About eight in ten of American adults have something in common. We’ve had lower back pain at some point in our lives. This annoying pain affects men and women equally. Maybe you have back discomfort right now.

The intensity of back pain can be dull or a sharp, sudden sensation. At its worst, lower back pain can be disabling. Lower back pain is a leading factor in work days missed.

Lower back pain can be caused by an accident, a fall, incorrectly lifting something heavy, or it can develop over time due to age-related changes in your spine.

A sedentary lifestyle can increase the chances of lower back pain, especially when a normally inactive life is punctuated by occasional strenuous activity, such as a hard weekend workout or a busy day doing yard work.

We divide low back pain into three categories:

  • Acute — Pain that lasts less than 4 weeks.
  • Subacute — Pain that lasts 4 to 12 weeks
  • Chronic — Pain that lasts more than 12 weeks

What Can Be Done to Relieve Back Pain?

Low back pain usually goes away in a few days or weeks without special treatment. If the pain doesn’t go away on its own, visit with your health care provider about your treatment options. Surgery is rarely needed to remedy low back pain.

New guidelines from the American College of Physicians (ACP) offer doctors and patients some suggestions for nonradicular lower back pain relief. This type of pain does not irradiate from, and is not caused by, damage to the spinal nerve root.

The ACP guidelines are based on reviews of controlled trials and studies of noninvasive drug and non-drug treatments for low back pain.

The effectiveness of treatments can vary with different individuals.

For Acute or Subacute Pain — The ACP found these treatments may help:

  • Heat therapy — Apply a gentle heat source such as a warm cloth, hot water bottle or heating pad to the lower back. A whirlpool bath may also help.
  • Massage. A licensed massage therapist can guide you in the type of massage that will be most effective for you.
  • Acupuncture — A certified acupuncturist inserts tiny needles into the skin at select points of the body to block pain signals.
  • Spinal manipulation — Adjustment are made to the spine by a licensed chiropractor.

If these treatments above aren’t effective, discuss with your health care provider options such as taking ibuprofen or a muscle relaxant.

Chronic Low Back Pain — Before taking medicines, try these treatments:

  • Exercise — A number of exercises can focus on strengthening body core muscles, including the back. 
  • Rehabilitation — Special therapy addresses physical, psychological and social issues that may cause pain.
  • Acupuncture.
  • Mindfulness-based stress reduction — You can learn ways to focus and calm your mind.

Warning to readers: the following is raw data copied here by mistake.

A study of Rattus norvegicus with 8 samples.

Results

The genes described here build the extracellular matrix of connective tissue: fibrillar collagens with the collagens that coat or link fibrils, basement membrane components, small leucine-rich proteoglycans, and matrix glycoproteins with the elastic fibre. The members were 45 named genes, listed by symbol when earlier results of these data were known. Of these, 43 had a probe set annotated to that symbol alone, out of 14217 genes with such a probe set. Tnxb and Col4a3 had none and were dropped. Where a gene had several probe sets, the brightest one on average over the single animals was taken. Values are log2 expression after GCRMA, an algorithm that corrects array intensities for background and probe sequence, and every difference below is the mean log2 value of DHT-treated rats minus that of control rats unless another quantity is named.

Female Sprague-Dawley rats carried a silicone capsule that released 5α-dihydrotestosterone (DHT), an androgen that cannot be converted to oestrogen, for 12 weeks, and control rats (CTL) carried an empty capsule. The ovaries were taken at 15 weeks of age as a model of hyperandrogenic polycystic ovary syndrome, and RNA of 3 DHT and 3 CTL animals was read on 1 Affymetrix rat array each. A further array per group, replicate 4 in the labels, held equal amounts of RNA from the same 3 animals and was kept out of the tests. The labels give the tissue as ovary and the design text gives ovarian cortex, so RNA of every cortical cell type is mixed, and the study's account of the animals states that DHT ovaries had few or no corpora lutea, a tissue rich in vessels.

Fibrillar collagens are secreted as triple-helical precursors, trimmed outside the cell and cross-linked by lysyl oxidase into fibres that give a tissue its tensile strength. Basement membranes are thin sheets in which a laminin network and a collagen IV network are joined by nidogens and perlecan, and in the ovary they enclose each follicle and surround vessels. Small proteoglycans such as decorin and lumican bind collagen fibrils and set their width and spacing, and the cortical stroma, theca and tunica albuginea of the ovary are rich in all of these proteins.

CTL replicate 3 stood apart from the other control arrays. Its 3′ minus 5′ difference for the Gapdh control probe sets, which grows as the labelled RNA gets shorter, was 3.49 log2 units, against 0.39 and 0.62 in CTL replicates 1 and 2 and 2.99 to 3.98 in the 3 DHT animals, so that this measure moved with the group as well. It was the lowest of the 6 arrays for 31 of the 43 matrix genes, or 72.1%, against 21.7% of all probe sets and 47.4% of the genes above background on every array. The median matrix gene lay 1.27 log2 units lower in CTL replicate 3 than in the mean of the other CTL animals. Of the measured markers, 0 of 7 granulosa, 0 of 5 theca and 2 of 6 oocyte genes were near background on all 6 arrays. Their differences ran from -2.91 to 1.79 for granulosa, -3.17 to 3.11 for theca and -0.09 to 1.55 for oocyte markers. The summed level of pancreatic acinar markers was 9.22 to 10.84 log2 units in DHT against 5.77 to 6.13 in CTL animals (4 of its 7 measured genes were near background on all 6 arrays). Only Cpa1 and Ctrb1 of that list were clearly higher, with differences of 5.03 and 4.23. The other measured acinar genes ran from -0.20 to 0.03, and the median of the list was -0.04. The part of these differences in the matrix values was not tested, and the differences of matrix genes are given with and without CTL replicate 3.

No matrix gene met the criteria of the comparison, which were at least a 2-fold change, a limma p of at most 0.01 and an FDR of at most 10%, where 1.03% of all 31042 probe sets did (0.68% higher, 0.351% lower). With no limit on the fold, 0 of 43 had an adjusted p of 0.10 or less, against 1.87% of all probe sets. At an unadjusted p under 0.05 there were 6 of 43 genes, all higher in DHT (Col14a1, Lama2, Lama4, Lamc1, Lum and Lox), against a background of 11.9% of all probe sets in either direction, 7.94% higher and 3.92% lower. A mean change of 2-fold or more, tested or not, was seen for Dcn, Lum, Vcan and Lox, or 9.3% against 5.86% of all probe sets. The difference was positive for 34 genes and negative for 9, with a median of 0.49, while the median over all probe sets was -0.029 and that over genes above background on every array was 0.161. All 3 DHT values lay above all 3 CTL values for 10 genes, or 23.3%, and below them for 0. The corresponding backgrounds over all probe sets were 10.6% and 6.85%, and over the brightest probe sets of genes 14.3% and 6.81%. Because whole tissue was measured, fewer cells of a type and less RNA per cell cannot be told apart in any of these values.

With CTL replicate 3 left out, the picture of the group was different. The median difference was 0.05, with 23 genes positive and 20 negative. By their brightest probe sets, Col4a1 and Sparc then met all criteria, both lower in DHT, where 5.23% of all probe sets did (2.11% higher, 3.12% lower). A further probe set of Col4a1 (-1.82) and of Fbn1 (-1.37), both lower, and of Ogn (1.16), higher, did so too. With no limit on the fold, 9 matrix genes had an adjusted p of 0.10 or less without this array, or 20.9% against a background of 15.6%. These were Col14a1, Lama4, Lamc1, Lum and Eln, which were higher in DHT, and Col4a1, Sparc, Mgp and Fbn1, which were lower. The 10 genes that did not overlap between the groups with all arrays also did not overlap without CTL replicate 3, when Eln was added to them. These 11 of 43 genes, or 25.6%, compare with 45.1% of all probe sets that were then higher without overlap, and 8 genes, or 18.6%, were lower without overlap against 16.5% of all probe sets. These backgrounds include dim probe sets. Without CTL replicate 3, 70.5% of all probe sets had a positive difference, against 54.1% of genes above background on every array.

Here are some additional suggestions from the ACP:

  • Yoga — This exercise helps people better control breathing, benefit from meditation and strengthen the body.
  • Tai chi — This exercise help strengthen the body through slow, calming movements.
  • Spinal manipulation.
  • Back strengthening exercises.
  • Progressive relaxation — You’ll learn to tighten and relax muscles to relax the entire body.
  • Electromyography biofeedback — A special device is used to sense muscle tension and help release it.
  • Low-level laser therapy — In this treatment low-power lasers are used to help heal muscles.
  • Operant therapy — This psychological treatment rewards patients for beneficial behaviors.
  • Cognitive behavioral therapy — This psychotherapy increases awareness of inaccurate or negative thinking and helps the patient change thought processes to more effectively respond to negative thoughts.

If after trying these remedies, addition pain relief is needed, visit with your health care provider about taking ibuprofen, tramadol or duloxetine.

The ACP says opioids should be considered only if all other treatments have failed and only if there are more benefits than risks for the individual patient.

Questions to Ask When You Visit Your Health Care Provider

The American College of Physicians suggest you visit with your health care provider if you have back pain. When discussing treatment options, ask:

  • How long will it take for pain to go away?
  • What symptoms could mean I have a more serious condition?
  • How long should I take medicines, if they’re recommended?
  • Are there activities I should avoid?
  • What should I do if the pain gets worse?
  • What exercises can I do to strengthen my back?
  • If you need to stop work, when might I be able to return.

If you have back pain, your remedy may begin with some simple self-care you can start today. Or make a provider appointment to get a professional recommendation.

If you find this guidance helpful, you’ll find more health information on the Aurora Health Care Facebook page. Visit and like us today! 

Meet the Author

Mustafa Farooque, MD is board-certified in physical medicine and rehabilitation and fellowship trained in musculoskeletal spine and sports medicine at Aurora St. Luke's Medical Center in Milwaukee, WI.

Read more posts from this author

The information presented in this site is intended for general information and educational purposes. It is not intended to replace the advice of your own physician. Contact your physician if you believe you have a health problem.